By Suzanne Lorge | Published August 2020
Alto saxophonist Rudresh Mahanthappa continues to dig into the Charlie Parker songbook on Hero Trio (Whirlwind), a smart sequel to his 2015 album Bird Calls (ACT). This time, instead of using Parker’s material as a jumping-off point for his own compositions, Mahanthappa strips the album’s three Bird tunes down to their essence, the better to see how they work.
In this regard, his arrangements for chord-less trio—bassist François Moutin and drummer Rudy Royston accompany the bandleader—allow for plenty of enjoyable scrutiny. He opens with “Red Cross,” retaining Parker’s brilliant chromaticism, but softening the rhythmic accents and inserting unexpected ornaments during his breakneck improvisations. Midway through the album, Mahanthappa turns out “Barbardos/26-2,” a calypso-tinged hybrid of the Parker blues tune and John Coltrane’s contrafact of Parker’s “Confirmation.” And he closes with “Dewey Square,” a keen reshaping of the original, taking it from spirited bop to sleek avant-garde.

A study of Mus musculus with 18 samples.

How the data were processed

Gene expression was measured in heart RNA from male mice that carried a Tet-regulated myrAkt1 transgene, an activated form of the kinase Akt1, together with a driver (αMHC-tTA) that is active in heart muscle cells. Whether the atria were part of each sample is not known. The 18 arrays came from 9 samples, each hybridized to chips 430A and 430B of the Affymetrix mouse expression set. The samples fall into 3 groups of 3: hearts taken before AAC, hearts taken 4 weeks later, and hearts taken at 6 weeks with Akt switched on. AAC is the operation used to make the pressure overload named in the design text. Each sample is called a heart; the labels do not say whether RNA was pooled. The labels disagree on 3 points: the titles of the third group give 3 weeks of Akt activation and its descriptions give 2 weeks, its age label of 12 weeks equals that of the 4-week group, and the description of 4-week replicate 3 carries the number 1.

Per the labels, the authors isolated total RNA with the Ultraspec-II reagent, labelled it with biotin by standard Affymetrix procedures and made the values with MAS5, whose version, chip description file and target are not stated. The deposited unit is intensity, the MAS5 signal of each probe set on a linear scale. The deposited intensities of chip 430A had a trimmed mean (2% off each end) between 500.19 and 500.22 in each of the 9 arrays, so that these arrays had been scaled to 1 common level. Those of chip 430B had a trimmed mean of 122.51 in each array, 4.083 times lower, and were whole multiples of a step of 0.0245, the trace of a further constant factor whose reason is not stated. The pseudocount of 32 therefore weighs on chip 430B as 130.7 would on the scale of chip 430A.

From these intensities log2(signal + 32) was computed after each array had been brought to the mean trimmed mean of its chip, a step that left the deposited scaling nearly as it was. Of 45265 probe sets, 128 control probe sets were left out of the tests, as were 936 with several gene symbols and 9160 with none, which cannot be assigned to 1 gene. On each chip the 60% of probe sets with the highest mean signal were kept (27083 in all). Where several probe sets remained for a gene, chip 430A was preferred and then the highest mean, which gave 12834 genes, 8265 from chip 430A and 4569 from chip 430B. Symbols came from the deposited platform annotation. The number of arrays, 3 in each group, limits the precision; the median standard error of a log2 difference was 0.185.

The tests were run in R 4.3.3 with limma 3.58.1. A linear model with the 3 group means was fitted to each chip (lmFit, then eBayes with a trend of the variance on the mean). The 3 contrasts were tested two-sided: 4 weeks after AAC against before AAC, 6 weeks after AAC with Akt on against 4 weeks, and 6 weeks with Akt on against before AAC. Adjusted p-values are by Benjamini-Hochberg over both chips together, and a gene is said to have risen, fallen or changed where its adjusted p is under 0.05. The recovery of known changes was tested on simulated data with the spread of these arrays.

But Parker and Coltrane aren’t the only musical minds that pique Mahanthappa’s interest. In and around the Parker tunes, the trio salutes Stevie Wonder with “Overjoyed”; Johnny Cash with “Ring Of Fire”; and Keith Jarrett, whose exercise in exuberance, “The Windup,” gives the players a chance to engage in a looser improvised dialogue.
Two standards on the album recall historic chordless trios: those of saxophonists Sonny Rollins (“I Can’t Get Started”) and Lee Konitz (“I’ll Remember April”). Mahanthappa’s notions here, breezier than those of these masters, retain all the muscle of the originals.
Hero Trio: Red Cross; Overjoyed; Barbados/26-2; I Can’t Get Started; The Windup; Ring Of Fire; I’ll Remember April; Sadness; Dewey Square. (45:23)
Personnel: Rudresh Mahanthappa, alto saxophone; François Moutin, bass; Rudy Royston, drums.